Low culture


The boundaries of low culture and high culture blur, through convergence. Many people are "omnivores", making cultural choices from different menus.

Standards and definitions of low culture

In his book Popular Culture and High Culture, Herbert J. Gans gives a definition of how to identify and create low culture:

Aesthetic standards of low culture stress substance, form and being totally subservient; there is no explicit concern with abstract ideas or even with fictional forms of contemporary social problems and issues. ... Low culture emphasizes morality but limits itself to familial and individual problems and [the] values, which apply to such problems. Low culture is content to depict traditional working class values winning out over the temptation to give into conflicting impulses and behavior patterns.

— Herbert Gans, [1]

When applying that lens to mass media, it often includes shows that do not go too deeply into abstract ideas, or that do not address head-on contemporary social problems.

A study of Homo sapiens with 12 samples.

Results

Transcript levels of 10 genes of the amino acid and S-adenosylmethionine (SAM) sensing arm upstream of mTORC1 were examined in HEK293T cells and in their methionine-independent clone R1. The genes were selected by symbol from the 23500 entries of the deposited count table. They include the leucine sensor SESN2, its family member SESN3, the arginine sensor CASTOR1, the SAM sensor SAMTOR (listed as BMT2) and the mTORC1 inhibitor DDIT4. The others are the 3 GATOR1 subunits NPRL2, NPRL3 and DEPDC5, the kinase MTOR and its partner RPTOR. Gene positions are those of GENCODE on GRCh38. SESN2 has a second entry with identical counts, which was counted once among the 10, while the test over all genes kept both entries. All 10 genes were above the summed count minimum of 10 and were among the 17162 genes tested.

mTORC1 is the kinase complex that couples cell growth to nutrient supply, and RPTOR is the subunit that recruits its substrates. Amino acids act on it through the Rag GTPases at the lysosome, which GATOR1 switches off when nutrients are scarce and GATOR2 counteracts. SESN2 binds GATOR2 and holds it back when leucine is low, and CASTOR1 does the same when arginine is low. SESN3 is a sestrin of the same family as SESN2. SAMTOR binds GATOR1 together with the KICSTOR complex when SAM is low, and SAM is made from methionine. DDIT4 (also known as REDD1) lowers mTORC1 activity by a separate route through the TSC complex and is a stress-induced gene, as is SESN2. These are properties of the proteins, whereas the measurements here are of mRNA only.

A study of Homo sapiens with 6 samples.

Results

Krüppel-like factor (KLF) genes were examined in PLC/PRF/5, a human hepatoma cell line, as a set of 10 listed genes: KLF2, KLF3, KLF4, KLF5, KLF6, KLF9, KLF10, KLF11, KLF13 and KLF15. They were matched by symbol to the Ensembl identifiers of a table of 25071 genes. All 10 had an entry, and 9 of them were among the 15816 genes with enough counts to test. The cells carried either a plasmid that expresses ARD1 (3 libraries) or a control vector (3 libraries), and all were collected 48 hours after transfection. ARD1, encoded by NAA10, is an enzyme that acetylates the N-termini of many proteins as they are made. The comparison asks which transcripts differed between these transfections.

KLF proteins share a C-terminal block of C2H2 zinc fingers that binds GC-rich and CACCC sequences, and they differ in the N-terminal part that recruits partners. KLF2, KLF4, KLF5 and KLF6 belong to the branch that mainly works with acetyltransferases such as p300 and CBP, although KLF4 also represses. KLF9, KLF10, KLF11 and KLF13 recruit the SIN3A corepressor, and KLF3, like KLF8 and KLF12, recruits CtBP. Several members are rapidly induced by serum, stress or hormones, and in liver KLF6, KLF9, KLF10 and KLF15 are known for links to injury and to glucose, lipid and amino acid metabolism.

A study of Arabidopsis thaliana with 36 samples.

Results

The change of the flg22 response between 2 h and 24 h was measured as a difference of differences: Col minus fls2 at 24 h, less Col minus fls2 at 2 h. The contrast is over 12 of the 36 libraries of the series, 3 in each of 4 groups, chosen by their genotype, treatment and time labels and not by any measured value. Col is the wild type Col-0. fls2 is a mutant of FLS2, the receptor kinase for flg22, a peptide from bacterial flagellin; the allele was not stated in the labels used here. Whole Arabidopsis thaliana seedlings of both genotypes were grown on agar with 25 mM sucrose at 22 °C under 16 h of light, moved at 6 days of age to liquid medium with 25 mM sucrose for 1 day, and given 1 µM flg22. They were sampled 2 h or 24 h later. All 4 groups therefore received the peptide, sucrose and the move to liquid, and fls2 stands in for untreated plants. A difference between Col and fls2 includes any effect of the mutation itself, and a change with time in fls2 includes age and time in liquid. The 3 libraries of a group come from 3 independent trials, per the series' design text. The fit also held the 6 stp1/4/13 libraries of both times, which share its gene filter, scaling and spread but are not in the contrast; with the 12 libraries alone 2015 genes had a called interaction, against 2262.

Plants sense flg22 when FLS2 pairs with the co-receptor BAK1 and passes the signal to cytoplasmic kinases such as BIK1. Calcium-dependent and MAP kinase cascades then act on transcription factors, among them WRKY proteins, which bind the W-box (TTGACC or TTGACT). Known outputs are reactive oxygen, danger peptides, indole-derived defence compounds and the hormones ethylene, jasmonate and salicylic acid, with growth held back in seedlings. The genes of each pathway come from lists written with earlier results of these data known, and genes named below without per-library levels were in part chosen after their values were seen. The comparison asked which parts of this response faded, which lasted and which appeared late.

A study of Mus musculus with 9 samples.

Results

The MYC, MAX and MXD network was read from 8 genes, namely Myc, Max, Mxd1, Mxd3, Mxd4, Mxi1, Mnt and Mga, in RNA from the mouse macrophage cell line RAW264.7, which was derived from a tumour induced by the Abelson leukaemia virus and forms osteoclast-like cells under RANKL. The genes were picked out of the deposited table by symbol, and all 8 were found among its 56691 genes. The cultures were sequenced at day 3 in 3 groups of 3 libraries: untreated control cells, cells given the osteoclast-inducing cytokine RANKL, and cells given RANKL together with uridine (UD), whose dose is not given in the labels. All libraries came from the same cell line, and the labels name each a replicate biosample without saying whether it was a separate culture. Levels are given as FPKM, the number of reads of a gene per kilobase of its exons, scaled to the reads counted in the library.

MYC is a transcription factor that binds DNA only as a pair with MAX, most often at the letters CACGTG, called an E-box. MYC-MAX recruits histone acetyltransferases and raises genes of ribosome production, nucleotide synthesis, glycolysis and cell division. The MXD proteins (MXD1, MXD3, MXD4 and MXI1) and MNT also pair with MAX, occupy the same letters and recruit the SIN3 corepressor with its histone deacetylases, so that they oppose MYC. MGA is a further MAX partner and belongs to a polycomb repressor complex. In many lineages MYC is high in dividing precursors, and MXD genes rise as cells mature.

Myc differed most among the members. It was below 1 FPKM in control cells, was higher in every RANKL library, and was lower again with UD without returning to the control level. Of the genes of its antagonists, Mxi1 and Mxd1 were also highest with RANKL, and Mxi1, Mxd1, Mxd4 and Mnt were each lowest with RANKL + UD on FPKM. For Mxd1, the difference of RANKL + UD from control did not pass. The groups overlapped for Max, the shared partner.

Culture as class

Herbert Gans states in his book Popular Culture and High Culture that the different classes of culture are linked correspondingly to socio-economic and educational classes.[2] For any given socio-economic class, there is a culture for that class. Hence the terms high and low culture and the manifestation of those terms as they appeal to their respective constituents.

Mass media

Audience

All cultural products (especially high culture) have a certain demographic to which they appeal most. Low culture appeals to very simple and basic human needs plus offers a perceived return to innocence,[3] the escape from real world problems, or the experience of living vicariously through viewing someone else’s life on television.[4]

Stereotypes

Low culture can be formulaic, employing trope conventions, stock characters and character archetypes in a manner that can be perceived as more simplistic, crude, emotive, unbalanced, or blunt compared to high culture's implementations—which may be perceived as more subtle, balanced, or refined and open for interpretations.

See also

References

  1. ^ Herbert Gans, Popular Culture and High Culture pg. 115.
  2. ^ Herbert Gans Popular Culture and High Culture pg. 7
  3. ^ , Anna Tomisino Discovering Pop Culture, pg. 211.
  4. ^ , Anna Tomisino Discovering Pop Culture, pg. 225 (although this is an excerpt from "The Happiest Place On Earth: Disney" by Eric Mazur and Tara Koda.)